Added 21 Feb 2014

Yesterday MEPs started getting things right when it comes to cracking down on corruption, corporate abuse and tax dodging. Their support for setting up centralised registries of the real owners of companies, trusts and similar legal structures - and granting public access to that information - is a significant first step.

However, this is a long process and many other challenges still persist. The next step is the vote in the plenary of the European Parliament. Afterwards, negotiations will start with the European Commission and the Council (of ministers) - the latter is notoriously torn between the need for change and defending the status quo. Further complicating the situation are national interests which emerge when an issue as sensitive as beneficial ownership is discussed.

The price of keeping the status quo

The message for the next stage of this process remains the same. The price of the existing level of secrecy is continuing corruption, tax evasion and other crimes - with devastating consequences. These illegal activities amount not only to great injustice, but also to a huge loss in state revenue. Furthermore, the cost of fighting this type of crime is costly and inefficient specifically because of its hidden nature.

The year in review – Political promises but slow progress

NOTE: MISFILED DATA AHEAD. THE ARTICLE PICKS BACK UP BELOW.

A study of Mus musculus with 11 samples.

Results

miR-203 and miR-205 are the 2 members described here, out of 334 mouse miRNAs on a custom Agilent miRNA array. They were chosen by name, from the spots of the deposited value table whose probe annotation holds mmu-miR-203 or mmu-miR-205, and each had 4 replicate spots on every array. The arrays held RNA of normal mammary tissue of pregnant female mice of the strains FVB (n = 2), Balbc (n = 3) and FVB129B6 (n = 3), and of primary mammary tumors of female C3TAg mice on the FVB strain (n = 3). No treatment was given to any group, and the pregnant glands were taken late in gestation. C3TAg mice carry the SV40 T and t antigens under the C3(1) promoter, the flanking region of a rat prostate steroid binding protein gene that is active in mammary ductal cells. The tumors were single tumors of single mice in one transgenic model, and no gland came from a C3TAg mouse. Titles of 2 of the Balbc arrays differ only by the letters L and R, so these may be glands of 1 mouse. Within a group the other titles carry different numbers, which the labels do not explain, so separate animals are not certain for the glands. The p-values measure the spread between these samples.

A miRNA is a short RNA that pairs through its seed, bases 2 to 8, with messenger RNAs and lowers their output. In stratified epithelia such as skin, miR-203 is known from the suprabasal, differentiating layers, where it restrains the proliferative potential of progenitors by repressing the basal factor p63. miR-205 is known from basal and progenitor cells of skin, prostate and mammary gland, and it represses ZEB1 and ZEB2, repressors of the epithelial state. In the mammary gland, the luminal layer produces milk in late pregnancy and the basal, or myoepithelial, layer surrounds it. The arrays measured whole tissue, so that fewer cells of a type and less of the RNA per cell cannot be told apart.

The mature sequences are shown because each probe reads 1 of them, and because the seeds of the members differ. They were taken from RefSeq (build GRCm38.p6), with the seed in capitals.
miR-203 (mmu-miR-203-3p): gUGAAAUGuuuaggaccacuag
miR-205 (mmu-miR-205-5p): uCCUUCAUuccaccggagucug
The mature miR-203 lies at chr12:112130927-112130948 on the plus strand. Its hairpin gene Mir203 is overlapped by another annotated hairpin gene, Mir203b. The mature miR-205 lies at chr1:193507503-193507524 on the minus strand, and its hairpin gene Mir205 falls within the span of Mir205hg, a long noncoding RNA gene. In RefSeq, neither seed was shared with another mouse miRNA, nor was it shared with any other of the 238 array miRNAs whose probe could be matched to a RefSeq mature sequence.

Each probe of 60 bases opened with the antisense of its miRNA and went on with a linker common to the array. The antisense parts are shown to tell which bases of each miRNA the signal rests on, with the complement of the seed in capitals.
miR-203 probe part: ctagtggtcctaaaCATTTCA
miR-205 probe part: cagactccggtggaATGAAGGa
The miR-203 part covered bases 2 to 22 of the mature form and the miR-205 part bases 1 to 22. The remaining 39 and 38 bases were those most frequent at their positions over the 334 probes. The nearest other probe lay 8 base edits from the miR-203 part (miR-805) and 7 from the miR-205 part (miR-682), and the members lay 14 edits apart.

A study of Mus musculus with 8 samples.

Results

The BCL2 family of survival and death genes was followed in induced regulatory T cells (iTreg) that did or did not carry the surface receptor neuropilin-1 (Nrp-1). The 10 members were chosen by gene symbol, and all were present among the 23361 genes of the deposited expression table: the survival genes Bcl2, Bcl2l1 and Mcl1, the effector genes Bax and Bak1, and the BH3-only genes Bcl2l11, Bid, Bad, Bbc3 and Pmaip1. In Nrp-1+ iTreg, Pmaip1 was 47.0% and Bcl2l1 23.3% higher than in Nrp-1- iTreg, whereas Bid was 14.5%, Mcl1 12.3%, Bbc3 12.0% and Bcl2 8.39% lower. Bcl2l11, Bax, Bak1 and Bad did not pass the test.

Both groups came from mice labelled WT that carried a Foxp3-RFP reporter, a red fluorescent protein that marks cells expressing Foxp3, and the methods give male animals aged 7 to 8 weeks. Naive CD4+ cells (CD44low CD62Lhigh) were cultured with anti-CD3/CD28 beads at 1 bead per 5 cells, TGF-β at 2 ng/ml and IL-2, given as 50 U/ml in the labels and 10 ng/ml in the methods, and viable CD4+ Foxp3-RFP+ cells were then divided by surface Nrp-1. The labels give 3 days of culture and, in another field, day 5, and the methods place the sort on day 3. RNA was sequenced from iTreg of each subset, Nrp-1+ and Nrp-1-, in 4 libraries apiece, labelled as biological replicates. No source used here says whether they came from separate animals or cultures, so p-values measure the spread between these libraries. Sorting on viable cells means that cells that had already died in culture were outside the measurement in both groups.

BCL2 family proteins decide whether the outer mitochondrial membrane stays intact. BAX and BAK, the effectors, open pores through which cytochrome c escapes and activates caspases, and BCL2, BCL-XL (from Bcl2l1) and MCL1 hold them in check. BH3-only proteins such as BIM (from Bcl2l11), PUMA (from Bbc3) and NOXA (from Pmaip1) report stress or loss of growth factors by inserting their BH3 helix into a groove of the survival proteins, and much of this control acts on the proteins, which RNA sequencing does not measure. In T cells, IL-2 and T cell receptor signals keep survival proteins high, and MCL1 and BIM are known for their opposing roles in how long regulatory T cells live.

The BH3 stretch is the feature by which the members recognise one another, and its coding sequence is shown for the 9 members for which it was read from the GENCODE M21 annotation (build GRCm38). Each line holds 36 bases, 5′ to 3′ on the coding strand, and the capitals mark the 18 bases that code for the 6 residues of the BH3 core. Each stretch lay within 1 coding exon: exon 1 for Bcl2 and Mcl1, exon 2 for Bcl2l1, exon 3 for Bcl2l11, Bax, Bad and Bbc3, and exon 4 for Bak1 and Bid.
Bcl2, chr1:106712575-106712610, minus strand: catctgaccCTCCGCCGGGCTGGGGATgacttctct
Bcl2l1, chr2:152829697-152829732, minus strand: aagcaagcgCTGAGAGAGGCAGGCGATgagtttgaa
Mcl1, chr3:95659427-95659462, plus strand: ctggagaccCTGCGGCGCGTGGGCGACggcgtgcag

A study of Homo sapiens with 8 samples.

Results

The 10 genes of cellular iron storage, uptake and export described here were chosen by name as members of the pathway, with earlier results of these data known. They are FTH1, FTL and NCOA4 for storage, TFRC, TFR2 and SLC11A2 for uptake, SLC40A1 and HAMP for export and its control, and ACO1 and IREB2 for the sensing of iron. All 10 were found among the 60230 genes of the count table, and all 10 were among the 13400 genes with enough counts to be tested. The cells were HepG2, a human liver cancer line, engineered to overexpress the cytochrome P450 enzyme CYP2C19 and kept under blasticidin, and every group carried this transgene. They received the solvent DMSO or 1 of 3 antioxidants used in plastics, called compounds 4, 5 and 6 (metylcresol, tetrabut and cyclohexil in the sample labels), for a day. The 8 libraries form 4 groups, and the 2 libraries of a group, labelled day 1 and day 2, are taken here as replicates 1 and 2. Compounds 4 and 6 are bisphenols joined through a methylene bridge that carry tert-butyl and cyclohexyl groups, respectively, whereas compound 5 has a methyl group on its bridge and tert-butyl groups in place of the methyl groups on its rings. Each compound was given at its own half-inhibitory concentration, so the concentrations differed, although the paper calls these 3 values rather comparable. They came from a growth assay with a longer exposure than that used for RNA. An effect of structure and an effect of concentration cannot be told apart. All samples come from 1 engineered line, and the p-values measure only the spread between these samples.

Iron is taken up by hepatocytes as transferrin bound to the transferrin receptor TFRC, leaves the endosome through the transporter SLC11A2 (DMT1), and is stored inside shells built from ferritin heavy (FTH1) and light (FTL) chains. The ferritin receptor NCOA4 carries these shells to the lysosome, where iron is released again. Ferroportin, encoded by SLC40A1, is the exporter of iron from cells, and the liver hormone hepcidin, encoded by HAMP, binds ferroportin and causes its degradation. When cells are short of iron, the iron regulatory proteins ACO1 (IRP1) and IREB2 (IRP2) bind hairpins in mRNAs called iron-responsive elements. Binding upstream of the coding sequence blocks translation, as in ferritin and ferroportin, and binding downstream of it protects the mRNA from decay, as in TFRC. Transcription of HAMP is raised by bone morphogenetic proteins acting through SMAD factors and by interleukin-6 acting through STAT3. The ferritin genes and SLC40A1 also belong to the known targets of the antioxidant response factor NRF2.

This vote has significantly improved the original proposal as presented by the European Commission more than a year ago, on 5th of February 2013. It includes public access to the registries and it covers companies, as well as trusts, foundations and other legal structures.  

In between the publication of the proposal and what happened today, a year of impressive political commitments has passed. The May 2013 European Council set the bar high, and then the G8 and then the G20 seem to have recognised the need for change. José Manuel Barroso, president of the European Commission, underlined this when he sent a letter to the President of the European Council, Herman Van Rompuy, reiterating the need for progress in light of findings that 90% of EU citizens think more needs to be done to make corporates pay their fair share of tax. CSOs welcome these political statements, but want to see words put into actions. Ultimately, 2013 was a year of unfulfilled promises our European leaders.

Eurodad: Optimistic, but a lengthy road ahead

The road ahead is long, and the track record of some governments involved leaves room for improvement to say the least.

However, it seems that there could now be a wind of change. Parts of the business community have come out in support of more transparency and joined the call for public disclosure of information about who owns and controls companies.  One can only hope that this extraordinary coalition of citizens, members of the European Parliament from left to right, CSOs, and prominent representatives of the business community is heard by our governments. Over to the Council of ministers, the ball is squarely in their court.